Phisher’s Trick

Most web login schemes work the same way. When the site becomes curious and wants to know more about the user it delegates that task to identity provider. The identity provider then authenticates the user and sends him back to the original site. Information about the user can then be sent via back channel of one kind or another. Lots of schemes exist for implementing these back channels: shared cookies, extra CGI parameters, full fledged TCP back channels.

Building a good identity service is delicate work. People screw it up because it’s hard. Criminals spend a lot of time working out schemes to trick the identity server into misbehaving.

Here’s a way to get it wrong: let untrusted parties bounce off your login server. In this example eBay’s the one that messed up. The problem? Phisher’s entice users to go to their eBay account an log in. Once log on the user is bounced over to the phisher’s web site. The user at that point thinks he’s talking to eBay; but he’s not. He’s talking to a bad guy.

The user thinks, when he logs into eBay, that he’s entering the world of eBay. This is similar to what in Liberty is call the circle of trust. As a rule of thumb identity servers shouldn’t provide services to unknown sites. The users presume that sites reached directly via the login server have some degree, no matter how slight, of trust among them.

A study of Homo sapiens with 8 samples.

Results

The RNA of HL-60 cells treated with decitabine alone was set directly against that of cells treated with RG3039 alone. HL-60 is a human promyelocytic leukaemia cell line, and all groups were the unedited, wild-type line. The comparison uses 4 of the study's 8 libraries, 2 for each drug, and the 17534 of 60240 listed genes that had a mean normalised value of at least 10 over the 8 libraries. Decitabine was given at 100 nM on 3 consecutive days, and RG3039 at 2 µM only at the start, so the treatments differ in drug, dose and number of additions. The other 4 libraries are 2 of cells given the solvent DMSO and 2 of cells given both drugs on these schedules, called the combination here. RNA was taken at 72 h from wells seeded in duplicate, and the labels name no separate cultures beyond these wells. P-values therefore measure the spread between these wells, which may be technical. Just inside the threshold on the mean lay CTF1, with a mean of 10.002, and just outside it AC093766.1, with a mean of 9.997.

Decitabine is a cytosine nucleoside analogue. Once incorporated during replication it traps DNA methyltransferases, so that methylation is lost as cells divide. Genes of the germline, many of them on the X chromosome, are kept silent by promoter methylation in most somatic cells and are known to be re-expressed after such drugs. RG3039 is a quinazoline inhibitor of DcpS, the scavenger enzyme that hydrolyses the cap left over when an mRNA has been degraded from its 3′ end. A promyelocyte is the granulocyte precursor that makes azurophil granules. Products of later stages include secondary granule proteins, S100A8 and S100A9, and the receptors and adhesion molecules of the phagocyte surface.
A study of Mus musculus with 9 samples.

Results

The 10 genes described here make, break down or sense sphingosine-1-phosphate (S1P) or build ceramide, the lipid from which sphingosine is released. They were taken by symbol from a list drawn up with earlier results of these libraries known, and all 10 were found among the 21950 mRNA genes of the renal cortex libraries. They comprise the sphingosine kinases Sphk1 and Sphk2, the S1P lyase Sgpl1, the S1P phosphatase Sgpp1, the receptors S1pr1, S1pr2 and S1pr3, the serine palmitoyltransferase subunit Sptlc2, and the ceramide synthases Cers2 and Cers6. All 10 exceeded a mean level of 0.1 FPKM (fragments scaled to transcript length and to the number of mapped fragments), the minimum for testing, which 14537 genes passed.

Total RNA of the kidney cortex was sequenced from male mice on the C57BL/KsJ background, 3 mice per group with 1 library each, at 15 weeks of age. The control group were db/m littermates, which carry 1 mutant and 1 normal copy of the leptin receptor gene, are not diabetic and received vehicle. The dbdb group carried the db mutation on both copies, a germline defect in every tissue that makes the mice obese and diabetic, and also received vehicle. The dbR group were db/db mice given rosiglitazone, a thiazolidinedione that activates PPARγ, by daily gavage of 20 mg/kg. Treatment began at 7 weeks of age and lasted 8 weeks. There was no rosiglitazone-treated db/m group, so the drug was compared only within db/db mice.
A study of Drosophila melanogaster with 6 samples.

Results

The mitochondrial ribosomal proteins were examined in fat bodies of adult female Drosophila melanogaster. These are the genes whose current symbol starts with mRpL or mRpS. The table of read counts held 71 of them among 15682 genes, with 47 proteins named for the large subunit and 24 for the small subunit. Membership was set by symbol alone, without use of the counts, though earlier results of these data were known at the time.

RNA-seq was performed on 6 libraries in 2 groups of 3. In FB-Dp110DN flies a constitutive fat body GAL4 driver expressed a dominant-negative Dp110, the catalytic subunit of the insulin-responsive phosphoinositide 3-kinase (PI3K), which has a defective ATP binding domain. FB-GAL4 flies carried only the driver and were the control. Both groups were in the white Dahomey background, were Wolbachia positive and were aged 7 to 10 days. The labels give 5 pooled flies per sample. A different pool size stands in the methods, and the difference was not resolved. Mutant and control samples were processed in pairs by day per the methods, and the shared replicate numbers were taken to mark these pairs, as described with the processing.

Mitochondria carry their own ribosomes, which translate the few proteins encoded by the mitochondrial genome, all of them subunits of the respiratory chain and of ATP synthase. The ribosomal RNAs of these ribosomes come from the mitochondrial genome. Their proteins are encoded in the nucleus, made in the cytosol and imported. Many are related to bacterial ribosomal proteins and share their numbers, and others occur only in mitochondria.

It’s possible that an extremely lite weight identity system, like OpenID, could break this rule. The cost of conforming to the rule is two fold. It makes it harder to run an ID service, since you have to provision and maintain an account relationship with every site you service. More critical from a business model point of view – you raise the barrier to entry for additional sites adopting your service.

Personally I think ID services should always have an account relationship with the sites they serve. They can then hang a lot of useful junk off that account data; for example a list of URL patterns they are willing to bounce back to.

Every time you see data stuffed into a URL you obviously need to worry about what that might be revealing about the user which ought to be kept private. What’s less obvious is how every time you see an URL getting bucket brigaded along you need to puzzle out how the user’s trust model is changing as he travels. That URL can tap that trust. The first worry is about stealing bits of the user’s privacy. The second is about stealing bits of trust off the intermediaries.